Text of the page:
For most of us, our knowledge of slings and slingstones begins and ends with the biblical tale of David slaying Goliath. Scholars and archaeologists have told us that slings like the one David employed were common in the Old World, used not just for shepherd boys to kill giants but for protecting herds, hunting, and combat. However, few scholars have addressed the function slings have occupied outside of Eurasian civilizations, especially their use in Oceania and the Americas.
In this astounding new archaeological survey, authors Robert York and Gigi York examine the history of Oceania and the Americas to unveil the significant role slings and slingstones played in developing societies. They present new evidence that suggests that unlike David who plucked rounded pebbles from a stream, inhabitants of the Pacific Islands deliberately fashioned sling missiles out of coral, stone, and clay into uniquely deadly shapes. They also show that the use of slings in the Americas was more pervasive and inclined to variability than previously recognised.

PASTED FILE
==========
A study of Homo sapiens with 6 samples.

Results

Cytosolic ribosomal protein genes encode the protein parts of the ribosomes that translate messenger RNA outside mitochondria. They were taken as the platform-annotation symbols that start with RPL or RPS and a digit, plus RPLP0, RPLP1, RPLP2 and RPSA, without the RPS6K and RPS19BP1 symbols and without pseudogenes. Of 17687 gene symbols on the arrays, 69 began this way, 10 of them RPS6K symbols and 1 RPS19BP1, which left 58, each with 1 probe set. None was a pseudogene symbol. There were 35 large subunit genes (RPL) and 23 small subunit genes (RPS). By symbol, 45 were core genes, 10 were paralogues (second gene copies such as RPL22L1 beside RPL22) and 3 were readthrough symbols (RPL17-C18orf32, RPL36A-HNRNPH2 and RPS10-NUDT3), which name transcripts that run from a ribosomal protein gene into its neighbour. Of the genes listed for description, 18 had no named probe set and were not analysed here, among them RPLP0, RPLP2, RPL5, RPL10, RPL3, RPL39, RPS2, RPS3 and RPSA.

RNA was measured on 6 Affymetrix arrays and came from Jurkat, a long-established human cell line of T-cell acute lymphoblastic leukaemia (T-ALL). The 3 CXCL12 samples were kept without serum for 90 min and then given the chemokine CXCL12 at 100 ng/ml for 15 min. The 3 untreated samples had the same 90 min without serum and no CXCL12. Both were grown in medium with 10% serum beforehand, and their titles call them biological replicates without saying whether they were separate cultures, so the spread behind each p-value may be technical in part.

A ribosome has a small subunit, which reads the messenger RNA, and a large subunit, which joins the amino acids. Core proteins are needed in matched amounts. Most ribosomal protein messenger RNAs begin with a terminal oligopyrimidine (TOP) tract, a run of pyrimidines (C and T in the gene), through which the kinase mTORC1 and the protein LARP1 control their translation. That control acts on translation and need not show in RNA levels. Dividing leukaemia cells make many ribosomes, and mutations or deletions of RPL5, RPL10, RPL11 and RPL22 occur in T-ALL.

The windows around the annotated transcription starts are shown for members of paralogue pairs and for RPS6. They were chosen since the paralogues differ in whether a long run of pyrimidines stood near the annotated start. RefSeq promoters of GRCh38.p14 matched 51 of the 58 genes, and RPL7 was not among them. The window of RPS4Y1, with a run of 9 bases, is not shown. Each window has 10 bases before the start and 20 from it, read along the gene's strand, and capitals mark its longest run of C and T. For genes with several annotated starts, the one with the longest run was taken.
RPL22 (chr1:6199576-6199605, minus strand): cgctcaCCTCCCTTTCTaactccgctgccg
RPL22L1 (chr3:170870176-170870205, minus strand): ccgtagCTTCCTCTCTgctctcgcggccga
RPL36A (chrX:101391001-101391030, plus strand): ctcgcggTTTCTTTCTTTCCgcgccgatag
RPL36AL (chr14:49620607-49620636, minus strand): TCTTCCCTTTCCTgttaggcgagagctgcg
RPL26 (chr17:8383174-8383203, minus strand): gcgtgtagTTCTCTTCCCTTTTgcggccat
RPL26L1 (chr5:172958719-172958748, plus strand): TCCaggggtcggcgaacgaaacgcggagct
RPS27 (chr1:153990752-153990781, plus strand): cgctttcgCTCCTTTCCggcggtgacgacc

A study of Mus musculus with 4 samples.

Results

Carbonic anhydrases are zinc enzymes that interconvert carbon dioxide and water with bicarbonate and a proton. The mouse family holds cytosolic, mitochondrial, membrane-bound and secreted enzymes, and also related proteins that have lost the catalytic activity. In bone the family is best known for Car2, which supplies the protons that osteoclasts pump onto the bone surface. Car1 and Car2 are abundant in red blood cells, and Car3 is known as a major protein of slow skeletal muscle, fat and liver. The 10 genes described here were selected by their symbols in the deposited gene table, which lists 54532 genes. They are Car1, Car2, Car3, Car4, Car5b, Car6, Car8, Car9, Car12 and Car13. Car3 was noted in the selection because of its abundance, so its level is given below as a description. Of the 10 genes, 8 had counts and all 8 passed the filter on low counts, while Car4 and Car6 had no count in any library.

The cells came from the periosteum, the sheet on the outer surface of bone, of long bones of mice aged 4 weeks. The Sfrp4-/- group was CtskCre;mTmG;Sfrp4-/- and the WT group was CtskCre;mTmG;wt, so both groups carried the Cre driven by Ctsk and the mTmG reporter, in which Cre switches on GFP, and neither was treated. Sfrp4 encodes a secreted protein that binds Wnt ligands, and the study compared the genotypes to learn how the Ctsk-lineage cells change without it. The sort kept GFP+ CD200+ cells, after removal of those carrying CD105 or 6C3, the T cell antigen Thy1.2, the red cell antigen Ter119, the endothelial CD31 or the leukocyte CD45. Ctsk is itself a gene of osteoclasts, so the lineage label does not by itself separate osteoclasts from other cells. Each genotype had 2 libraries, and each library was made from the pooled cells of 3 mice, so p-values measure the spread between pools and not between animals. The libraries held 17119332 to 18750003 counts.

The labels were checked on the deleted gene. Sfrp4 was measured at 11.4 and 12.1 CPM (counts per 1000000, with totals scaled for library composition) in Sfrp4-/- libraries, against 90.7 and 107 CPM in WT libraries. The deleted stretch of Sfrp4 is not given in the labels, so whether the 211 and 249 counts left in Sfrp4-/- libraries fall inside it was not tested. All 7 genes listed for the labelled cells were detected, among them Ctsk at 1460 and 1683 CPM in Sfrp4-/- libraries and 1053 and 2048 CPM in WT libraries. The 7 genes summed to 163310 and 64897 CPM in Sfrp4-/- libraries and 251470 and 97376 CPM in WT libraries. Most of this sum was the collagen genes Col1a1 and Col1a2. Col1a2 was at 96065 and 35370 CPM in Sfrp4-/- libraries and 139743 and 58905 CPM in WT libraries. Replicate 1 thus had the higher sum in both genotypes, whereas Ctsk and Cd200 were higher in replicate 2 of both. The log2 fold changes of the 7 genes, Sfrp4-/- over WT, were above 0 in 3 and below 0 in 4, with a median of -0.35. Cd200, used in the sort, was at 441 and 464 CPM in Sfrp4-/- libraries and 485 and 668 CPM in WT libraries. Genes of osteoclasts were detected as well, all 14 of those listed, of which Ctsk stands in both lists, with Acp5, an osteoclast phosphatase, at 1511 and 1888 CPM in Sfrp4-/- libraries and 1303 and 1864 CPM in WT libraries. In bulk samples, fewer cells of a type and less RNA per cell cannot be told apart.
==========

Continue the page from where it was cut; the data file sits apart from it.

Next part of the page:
Well documented, bountifully illustrated, and thoroughly researched, Slings and Slingstones is sure to engage readers interested in expanding their knowledge of the past. It is an essential reference for archaeologists, historians, and students of the history of arms and weaponry.
Robert York and Gigi York are fellows of the University of Wyoming's Frison Institute of Archaeology and Anthropology in Laramie. They also hold research associate appointments at the Nevada State Museum in Carson City and at the Commonwealth of the Northern Marianas Islands Museum of History and Culture in Saipan. Between them, they share some sixty years of professional experience in the fields of archaeology, museum collections, and cultural resources management. They have written and published numerous reports and articles about their work.